Nearly every football supporter plays the “if only” game, ruminating on the idea that only a history of cruel luck at key moments has prevented their team from enjoying a rather more elevated position in the football landscape than they have traditionally enjoyed.
In this book, Simon Turner adds flesh to the bones of this time-honoured notion, concocting detailed reports of major cup finals that might have happened if the football gods had shown themselves as more benevolent to some clubs and rather less so to others.
This renders his publisher’s assertion that the book is “fiercely original” as slightly fanciful, but Turner’s clear enthusiasm for his task makes this a mildly interesting, if lightweight, read and followers of the teams involved in this “alternative history” may be intrigued by the hypothetical outcomes.
Fans of Derby County will certainly be delighted to see that their commonly held belief that Brian Clough’s team of 1973 were the moral champions of Europe is fully vindicated here. Having now dispatched Juventus and their nefarious ways in the semi-final (Helmut Haller’s influence on his fellow German referee was not significant in this parallel universe), the Rams then go on to deny Ajax a hat-trick of wins in the competition by beating them in a tightly fought final in Belgrade in which Johan Cryuff was “strangely quiet”, rather emphasising that this is a work of fiction.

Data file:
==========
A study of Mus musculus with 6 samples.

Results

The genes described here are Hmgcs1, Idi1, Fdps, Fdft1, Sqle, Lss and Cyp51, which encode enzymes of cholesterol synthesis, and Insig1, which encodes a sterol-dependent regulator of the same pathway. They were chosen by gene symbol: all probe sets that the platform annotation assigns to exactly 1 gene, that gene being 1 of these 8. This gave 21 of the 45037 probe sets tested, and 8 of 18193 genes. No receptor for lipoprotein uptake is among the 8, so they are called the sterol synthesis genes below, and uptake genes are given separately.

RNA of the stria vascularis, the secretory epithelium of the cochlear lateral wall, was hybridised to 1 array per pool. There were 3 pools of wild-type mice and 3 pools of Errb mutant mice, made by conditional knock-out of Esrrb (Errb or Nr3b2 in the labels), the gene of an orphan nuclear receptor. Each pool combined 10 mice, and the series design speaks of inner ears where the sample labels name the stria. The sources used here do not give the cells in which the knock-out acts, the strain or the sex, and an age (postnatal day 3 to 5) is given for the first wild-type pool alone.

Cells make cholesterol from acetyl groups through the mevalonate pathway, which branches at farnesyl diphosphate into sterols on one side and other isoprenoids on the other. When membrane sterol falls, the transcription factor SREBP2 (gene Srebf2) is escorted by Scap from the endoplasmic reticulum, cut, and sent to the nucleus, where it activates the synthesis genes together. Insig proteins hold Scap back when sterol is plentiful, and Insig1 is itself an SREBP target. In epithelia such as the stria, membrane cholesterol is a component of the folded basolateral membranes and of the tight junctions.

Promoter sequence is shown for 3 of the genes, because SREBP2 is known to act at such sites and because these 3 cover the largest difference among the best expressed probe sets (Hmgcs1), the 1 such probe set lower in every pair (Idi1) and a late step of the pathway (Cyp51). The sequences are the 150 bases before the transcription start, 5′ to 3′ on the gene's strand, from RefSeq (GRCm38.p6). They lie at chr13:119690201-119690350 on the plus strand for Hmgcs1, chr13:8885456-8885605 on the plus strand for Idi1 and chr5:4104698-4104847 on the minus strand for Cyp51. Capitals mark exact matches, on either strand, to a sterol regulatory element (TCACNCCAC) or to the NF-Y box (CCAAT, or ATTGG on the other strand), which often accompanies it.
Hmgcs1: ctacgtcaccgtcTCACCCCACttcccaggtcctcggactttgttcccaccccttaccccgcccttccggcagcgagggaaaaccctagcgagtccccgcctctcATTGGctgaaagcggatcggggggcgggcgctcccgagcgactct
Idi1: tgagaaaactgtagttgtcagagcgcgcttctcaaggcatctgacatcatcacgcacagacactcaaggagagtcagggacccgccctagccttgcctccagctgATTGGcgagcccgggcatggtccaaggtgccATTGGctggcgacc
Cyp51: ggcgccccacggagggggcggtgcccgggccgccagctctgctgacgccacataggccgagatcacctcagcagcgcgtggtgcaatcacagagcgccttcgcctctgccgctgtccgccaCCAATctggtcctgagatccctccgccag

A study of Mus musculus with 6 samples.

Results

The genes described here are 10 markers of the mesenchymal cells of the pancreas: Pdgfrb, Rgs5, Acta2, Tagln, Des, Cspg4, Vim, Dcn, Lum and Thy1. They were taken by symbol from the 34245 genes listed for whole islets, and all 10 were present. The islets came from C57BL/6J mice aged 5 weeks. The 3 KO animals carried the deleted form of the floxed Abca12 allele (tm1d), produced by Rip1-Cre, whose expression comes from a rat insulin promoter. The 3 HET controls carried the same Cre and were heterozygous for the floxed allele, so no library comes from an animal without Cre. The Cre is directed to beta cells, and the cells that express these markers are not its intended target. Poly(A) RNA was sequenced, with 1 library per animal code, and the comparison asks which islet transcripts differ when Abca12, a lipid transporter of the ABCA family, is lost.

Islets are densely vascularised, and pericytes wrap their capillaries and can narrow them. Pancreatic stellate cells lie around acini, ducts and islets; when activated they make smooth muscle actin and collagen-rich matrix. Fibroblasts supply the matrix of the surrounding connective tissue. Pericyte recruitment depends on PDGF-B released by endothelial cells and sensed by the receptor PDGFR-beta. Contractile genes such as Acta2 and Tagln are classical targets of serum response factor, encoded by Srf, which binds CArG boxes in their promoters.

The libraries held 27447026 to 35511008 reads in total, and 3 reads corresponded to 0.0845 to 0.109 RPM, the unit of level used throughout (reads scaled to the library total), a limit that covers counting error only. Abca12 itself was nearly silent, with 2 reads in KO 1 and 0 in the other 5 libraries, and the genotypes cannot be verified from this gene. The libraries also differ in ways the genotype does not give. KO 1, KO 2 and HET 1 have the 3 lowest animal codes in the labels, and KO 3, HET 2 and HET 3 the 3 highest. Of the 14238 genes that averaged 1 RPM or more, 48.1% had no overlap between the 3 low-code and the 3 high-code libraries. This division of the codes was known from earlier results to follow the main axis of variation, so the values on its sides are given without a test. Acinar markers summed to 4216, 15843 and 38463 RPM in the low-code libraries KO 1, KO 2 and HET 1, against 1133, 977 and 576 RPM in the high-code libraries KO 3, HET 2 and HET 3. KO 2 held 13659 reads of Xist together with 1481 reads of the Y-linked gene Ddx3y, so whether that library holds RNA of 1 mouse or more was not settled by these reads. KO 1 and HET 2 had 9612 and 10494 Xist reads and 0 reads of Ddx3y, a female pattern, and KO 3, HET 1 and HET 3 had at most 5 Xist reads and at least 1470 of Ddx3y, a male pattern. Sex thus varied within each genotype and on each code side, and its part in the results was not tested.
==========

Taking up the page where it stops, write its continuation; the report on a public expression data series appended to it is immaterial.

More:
Leeds United are also given their place in the sun. However it is not a Don Revie-era team that lifts the European Cup (that kind of revisionism may have been unpalatable for most) but David O’Leary’s outfit of 2001, with Lee Bowyer “cementing his status as a Leeds idol” in providing a platform for this historic victory against a Bayern Munich team desperate to avenge their heart-breaking final defeat by Manchester United two years earlier.
The poor Germans fare no better in Turner’s virtual world at national level. They contrive to lose the 1990 World Cup semi-final to England via a late double strike by Gary Lineker, who then goes on to score an even later winner in the final against a stereotypically bad-tempered Argentina. There was a melee at the end, inevitably.
The Home Nations have been treated kindly here with an unfancied Scotland winning the inaugural World Cup in 1930, giving two-time Olympic champions Uruguay a beating in Montevideo and by doing so heaping a level of despair on the home crowd that the Uruguayans themselves brought to bear on Brazilians 20 years later. Oh, and might have England won the 1968 European Championship final against Italy – Turner’s narrative instincts turned to cliffhanger on this one as we (oh irony of ironies) await the goal-line judgement of a linesman to determine the result.
This kind of idle, wishful thinking encapsulates the book as a whole, and, while an amusing diversion, is a difficult one to fully endorse while dreaming is free.